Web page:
Celebrate Earth This Spring!

By Stefanie Horn
The theme for Earth Day 2021 is “Together, We Can Restore Our Earth.” It is a theme that encourages all of us to celebrate Earth Day with our children. While Earth Day is celebrated on Thursday, April 22, there are many ways to continue the Earth Day celebration all spring season. We have put together a list of wonderful activities to enjoy with your preschoolers.

Creating and recycling!

Many of our students at CLC have been recycling and creating both at home and in the classroom this month. Materials:
  • Recycled items including plastic bottles, cardboard boxes, etc.
  • Tape and glue
  • Paint
Instructions:
  1. Gather and clean recycled items.
  2. Read a story and talk about recycling with your child.
  3. Set up glue and tape for your child to glue or tape the items together.
Questions to ask: Talk to your child about what they wanted to make. They can use the materials to make a car, a castle… the possibilities are endless!

Plant bean seeds to put in a garden 

Materials:  
  • Cups or plant containers with children’s name on them which also helps them recognize their name when they are looking for their cup for planting
  • Dirt in large bin
  • Seeds (bean seeds work well)
  • Spoons and small shovels
  • Watering can
Instructions:
  1.  Discuss planting with your child through books, pictures, videos and even have them act out being a plant.
  2. Set up an area for planting with all of your materials. Also make sure that you have an area prepared by a window for plants to grow.
  3. Ask your child to find their cup and then ask them to count out how many seeds you want them to put in their cup or let them choose how many.
  4. Have your children fill their cups by spooning the dirt from the bin.
  5. Assist the children with the water can to water their seeds.
Questions to ask: Ask your child to predict how long it will take the plant to grow and chart the children’s answers. Observe cups each day to see if they are growing and chart with children the changes. Let the children water their own plant with assistance. Children will transplant their plants to the outside garden once they begin to grow.

Bean in a bag experiment

Materials:  
  • Paper towel
  • Water
  • Plastic bag that will reseal, any size
  • One dry bean seed (pinto, butter or kidney beans from the kitchen pantry)
  • Tape
Instructions:
  1. Fold a paper towel in half. Then fold it in half again.
  2. Wet the paper towel with water. The towel should be very damp, not wet. Put the paper towel in the plastic bag.
  3. Put one bean seed into the bag. Make sure the seed touches the paper towel.
  4. Squeeze as much air as you can from the plastic bag. Then seal it. Make sure the bean is in the middle of the paper towel.
  5. Tape the bag to a sunny window.
  6. Check the seed every day. The seed should start to grow in about five days. Roots and leaves will grow in the next few days.
  7. When the roots are long, plant the bean in a pot or outside in the ground. Visit the bean plant often to check its growth!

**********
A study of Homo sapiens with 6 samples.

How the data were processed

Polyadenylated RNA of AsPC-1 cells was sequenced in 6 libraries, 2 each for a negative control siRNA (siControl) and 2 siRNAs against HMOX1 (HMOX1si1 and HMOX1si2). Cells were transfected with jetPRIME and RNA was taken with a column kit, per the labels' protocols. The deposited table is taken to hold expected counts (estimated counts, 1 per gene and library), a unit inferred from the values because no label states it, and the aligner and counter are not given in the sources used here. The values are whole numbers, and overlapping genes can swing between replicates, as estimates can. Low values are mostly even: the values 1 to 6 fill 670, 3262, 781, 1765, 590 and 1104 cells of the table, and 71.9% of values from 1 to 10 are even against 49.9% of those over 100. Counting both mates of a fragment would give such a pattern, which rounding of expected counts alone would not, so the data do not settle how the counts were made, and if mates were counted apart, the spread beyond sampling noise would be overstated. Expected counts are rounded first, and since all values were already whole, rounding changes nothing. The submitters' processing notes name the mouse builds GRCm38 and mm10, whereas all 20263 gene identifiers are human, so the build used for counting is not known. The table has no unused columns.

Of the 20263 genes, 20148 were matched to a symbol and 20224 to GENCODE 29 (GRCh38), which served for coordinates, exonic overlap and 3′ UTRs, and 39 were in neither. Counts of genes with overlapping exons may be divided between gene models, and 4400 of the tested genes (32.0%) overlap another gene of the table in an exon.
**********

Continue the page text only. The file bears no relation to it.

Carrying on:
Questions to ask: Explain to your child that the seeds contain a little bit of food for growing the plant. The food in the seed gets used up. Then the plant needs to get its food from the soil to grow big and strong. Tell your child the names of the parts of the plants (root, stem, leaves). Show your child each part of the plant. Ask your child to name things that grow from seeds (grass, vegetables, flowers, beans).

Flower arranging

A flower arranging activity allows children to develop skills using their hands while also allowing them to explore nature! Materials:
  • Ball of floral foam cut in half and sized to fit inside a strainer
  • Plastic strainer or colander with large holes
  • Flowers (real or fake)
Instructions:
  1. Put the flat side of the foam ball on the table.
  2. Turn the strainer over so it covers the foam.
  3. Poke a flower’s stem into one of he strainer’s holes. Push hard so the stem goes into the foam. The foam will hold the flower in place.
  4. Continue adding flowers until you like the arrangement. Flowers can be moved from hole to hole to change the look of the display.
  5. If you’d like, place the foam in a bowl of water to keep live flowers fresh.
Questions to ask: Ask children to explain their choice of flowers. What do they like about each flower’s shape or color? If you use real flowers, encourage children to smell them. Ask the children to describe the scent. Ask children to look at the flowers’ leaves and petals. Look at different flowers. Compare. What things are alike? What things are different? For more fun activities like these, order CLC’s Play to Learn Book. Children's Learning Centers of Fairfield County (CLC) is committed to providing early childhood education for all families, with direct services and programs focused in health, nutrition & family support for children aged 6 weeks - 5 years of age. Find more information about enrollment, here!